Drone delivery, Dash buttons and Beacons, oh my! There have been plenty of e-commerce trends that have come into fruition, but some have been left behind. Check out five of the biggest e-commerce trends that didn’t quite make it to 2020.
It’s impossible to forecast the future, especially in an industry as rapidly evolving as e-commerce. While Power Retail has certainly predicted some of the biggest changes in the industry, there are some trends that didn’t quite make the cut. We’ve compiled a second list of trend fails we’ve seen and reported over the last ten years. Which fails did you see coming, and which ones caught you off guard?
Prediction #1 – Daily Deals are the Next Big Thing
Daily deals were once a huge part of e-commerce. For a while, this form of online retail was a hugely popular trend; it wasn’t going to last forever. “Daily deal sites have been popping up left, right and centre,” we wrote in 2012. Power Retail wrote about Daily Deals a lot, and for a good reason: they were everywhere. However, the trend hasn’t lasted as long as we’d expected, with daily deals slowly disintegrating into a thing of the past.
Prediction #2 – Beacons Will Become a Huge Trend
Do you remember when beacons were the hottest tech trend of the decade? Five years ago, there was a lot of talk around this game-changing technology. Using battery-operated, low-energy Bluetooth transmitters, beacons allow retailers to send information directly to consumers’ smartphones based on their physical location.
“While the technology has been relatively slow to catch on, bricks-and-mortar stores are beginning to find ways to integrate micro-location functionality offered by beacons in exciting ways, from pushing new forms of promotional material to the integration with a store’s online channel,” we wrote in 2014.
While we predicted this trend to take off for many years, Power Retail understood that it may just be a bunch of hype, with the trend failing to take off, thanks to concerns of the technology’s intrusive nature’. Who knows though, maybe this trend will come back.
Prediction #3 – Buy Buttons May Not Be Appealing to Customers
Buying from non-retailer sites was a ‘no-go’ trend a few years ago. The thought of purchasing a product from a traditionally non-retailer, such as Facebook, was a pie in the sky idea. This is most likely due to Twitter’s failed attempt at in-Tweet purchases backfiring. However, as we’ve seen in the last few years, social commerce is one of the leading aspects of m-commerce, with Instagram and Facebook leading the pack for social shopping.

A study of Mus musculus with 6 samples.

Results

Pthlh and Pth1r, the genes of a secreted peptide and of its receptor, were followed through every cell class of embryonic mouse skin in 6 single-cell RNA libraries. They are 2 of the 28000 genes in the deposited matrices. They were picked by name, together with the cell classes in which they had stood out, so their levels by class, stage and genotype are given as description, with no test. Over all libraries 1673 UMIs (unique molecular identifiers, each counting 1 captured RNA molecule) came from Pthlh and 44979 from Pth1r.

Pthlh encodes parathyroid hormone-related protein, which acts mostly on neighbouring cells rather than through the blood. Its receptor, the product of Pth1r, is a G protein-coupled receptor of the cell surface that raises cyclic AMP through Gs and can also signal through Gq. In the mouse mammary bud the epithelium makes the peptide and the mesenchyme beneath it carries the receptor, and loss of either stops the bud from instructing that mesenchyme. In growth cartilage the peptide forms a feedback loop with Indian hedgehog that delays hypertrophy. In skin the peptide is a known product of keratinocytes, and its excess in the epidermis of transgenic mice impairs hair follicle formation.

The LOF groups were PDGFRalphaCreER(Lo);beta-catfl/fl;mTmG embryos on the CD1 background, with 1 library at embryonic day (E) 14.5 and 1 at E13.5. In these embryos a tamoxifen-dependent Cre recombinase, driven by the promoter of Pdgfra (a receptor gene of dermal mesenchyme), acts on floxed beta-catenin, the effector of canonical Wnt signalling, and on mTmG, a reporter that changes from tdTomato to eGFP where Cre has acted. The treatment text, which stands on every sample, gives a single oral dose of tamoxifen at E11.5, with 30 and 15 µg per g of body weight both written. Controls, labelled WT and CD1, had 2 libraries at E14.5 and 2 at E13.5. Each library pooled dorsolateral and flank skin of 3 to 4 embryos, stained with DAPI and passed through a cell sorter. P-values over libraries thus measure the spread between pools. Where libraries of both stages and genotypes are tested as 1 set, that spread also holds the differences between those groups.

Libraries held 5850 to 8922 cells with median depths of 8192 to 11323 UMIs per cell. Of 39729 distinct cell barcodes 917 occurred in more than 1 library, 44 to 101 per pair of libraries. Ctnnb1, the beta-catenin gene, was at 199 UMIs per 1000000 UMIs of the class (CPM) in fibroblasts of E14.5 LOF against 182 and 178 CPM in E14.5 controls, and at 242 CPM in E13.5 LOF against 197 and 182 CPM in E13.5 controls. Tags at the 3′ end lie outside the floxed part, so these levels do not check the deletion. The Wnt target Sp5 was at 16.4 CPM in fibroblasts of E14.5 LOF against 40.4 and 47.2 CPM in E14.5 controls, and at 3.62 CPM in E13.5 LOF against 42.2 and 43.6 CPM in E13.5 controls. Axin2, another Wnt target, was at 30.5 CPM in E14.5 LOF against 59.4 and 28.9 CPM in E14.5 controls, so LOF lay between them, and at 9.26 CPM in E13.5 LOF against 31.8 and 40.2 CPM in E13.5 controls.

“Awareness is a big part of it. This is a new thing,” said Michael Yamartino, Head of Commerce at Pinterest in 2016. “Most people haven’t bought from a platform that’s not a retailer.” It’s safe to say that buy buttons are definitely not a fad, and they’re becoming an integral part of the e-commerce landscape.
Prediction #4 – Drone Delivery Will Be Everywhere
Look, every few months there’s a story about a retailer launching drone delivery. However, we’re yet to see a sky filled with delivery drones. For several years, the concept of delivery by drone was the ‘it-trend’ of the year, but as we continue to tear pages off the calendar, we’re yet to see them really take off.
“Drone delivery may also take flight in 2018, which will help to service rural regions that present geographic and costing issues,” Power Retail predicted in 2017. There are numerous reasons why this trend has stayed on the ground, including safety and costs. While THE ICONIC launched drone delivery in 2019, it’s a trend we’re yet to see truly get off the ground.
Prediction #5 – Smart Buttons Will Be in Every Home
Smart buttons were a pretty big thing for the likes of Amazon (see Dash Buttons), and we predicted in 2017 that other retailers would start introducing them into their own repertoire.
“Again, Amazon was the first contender with its clever dash buttons, which are wi-fi devices to place in your kitchen, pantry, or anywhere in the home where customers use its Prime-eligible products. By pressing on the button, online consumers can reorder when they’re running low on a product. This year we may find other big retailers bringing out their versions of smart buttons.”
However exciting this trend was set to be, Amazon killed its Dash Buttons in 2019, with the discontinuation of the physical shopping buttons and replacing them with digital versions on the e-commerce platform.
What trend fails have you seen over the last few years? Let us know in the comments below to see how far we’ve come as an industry.